Twenty rising Chapman University juniors got an on-the-ground look at working in one of the world’s business epicenters.
Chapman’s Argyros School of Business and Economics restarted its longtime Walk Down Wall Street program this year after a pandemic hiatus. The program proved popular – 20 students were accepted out of 100 applicants.
The weeklong trip in May was funded by Alicia and Don Morissette, who are also paying for the trip next year.
“We blew the lid off what they could be doing in New York and made it feel very real,” says Heather Stotler, assistant director of career advancement at Argyros. “They really are in love with finance and you could see everything come to fruition for them.”
Business majors experience the Big Apple
The group visited Nasdaq – where a student got to activate the market-closing confetti – Goldman Sachs, which looks toward the Statue of Liberty, JP Morgan, PIMCO and BNY Mellon, among other firms. They met alumni working in the city, attended a Chapman on the Road networking event and had time for experiences like dining out and baseball games.
“We wanted the students to visit these companies and apply for internships so they can land internships between their junior and senior years,” says Jim Dusserre, director of career advancement at Argyros. “Most of these companies want these internships to turn into full-time jobs.”
He recalls students’ reactions to sweeping views of Central Park and Times Square and the “packed” trading floor at Deutsche Bank.
“Their jaws were just dropping coming into these boardrooms and looking at these views,” he says. “We got to see this through their eyes.”
Kendal Stuckenberg says she knew about the program before she was admitted to Chapman and wrote about it in her application to Argyros.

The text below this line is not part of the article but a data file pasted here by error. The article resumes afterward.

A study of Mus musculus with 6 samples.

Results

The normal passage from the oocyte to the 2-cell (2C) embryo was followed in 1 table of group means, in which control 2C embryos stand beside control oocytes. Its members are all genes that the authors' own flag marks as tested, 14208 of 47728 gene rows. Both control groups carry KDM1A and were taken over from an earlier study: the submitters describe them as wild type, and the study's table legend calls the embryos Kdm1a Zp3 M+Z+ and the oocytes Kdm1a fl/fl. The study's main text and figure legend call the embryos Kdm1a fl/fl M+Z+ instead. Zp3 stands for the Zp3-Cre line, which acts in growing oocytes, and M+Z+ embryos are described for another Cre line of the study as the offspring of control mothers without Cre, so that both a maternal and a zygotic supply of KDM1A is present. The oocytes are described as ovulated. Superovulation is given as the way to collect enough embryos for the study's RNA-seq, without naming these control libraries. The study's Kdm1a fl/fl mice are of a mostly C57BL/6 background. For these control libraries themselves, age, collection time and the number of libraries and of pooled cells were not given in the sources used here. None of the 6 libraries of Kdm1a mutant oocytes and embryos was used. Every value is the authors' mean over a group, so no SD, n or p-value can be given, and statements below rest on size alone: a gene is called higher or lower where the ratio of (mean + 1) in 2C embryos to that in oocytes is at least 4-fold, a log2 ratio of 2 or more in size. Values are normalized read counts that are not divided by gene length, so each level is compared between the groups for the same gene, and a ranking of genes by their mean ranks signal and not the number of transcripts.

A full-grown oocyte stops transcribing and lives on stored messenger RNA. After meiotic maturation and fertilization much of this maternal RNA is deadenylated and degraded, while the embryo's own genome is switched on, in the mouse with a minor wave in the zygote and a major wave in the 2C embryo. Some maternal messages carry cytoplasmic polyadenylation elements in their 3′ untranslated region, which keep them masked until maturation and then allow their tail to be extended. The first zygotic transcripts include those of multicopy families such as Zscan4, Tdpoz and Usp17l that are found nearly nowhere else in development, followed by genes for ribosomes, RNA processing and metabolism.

“I couldn’t wait to apply and see my business major in the working world,” she says.
In the city, it was “incredible talking with potential employers and Chapman alumni to see their degrees working in life post graduation,” Stuckenberg says. “I loved the opportunity to ask all of my smart and sometimes silly questions.”
Ben Weiskopf applied after an alumnus who spoke at the football team’s training camp recommended the trip.
“We got to see each company’s unique culture and working environment while being able to ask questions to recruiters, interns/analysts, and even more senior people,” he says.
Elijah Bruggeman was “overwhelmed and starstruck by the city’s magnitude” when the group arrived.
“I had built up a myth of New York City and Wall Street – a mecca of global finance – in my mind, and I was nervous going into the first company meetings because I did not know what to expect,” he says. “My worries were ultimately assuaged when we were met with incredible kindness and enthusiasm on these company visits.”
At BNY Mellon, one of the company’s executives spoke about things “in the same ways I had learned in my finance courses and studies only a few weeks earlier,” Bruggeman says.
“I was so excited while leaving the BNY Mellon office, and from that moment on, I knew I was on the right track.”
The program starts taking applications in fall for the following spring. Dusserre says the goal is to have future Walk Down Wall Street classes greeted by panels mainly comprised of alumni from previous Wall Street trips.
Bruggeman says that throughout the trip, he realized how connected Chapman alumni are to their alma mater and how much they want to help students.
“A trip like Walk Down Wall Street, where you essentially interview industry professionals, and many recent graduates, is one of the only ways to truly understand if this is the right career path for you,” he says. “This ‘insider look’ helped me realize that I enjoy the chaos and uncertainty of solving problems in the industry.”
Stotler says that all the employers on the trip said they were looking for recruits with soft skills like curiosity.
“At Chapman you will get those soft skills, and we can make it more personal,” Dusserre says. “If you really want a career in finance and go into a program like this, the sky is the limit for you because of your combination of hard and soft skills.”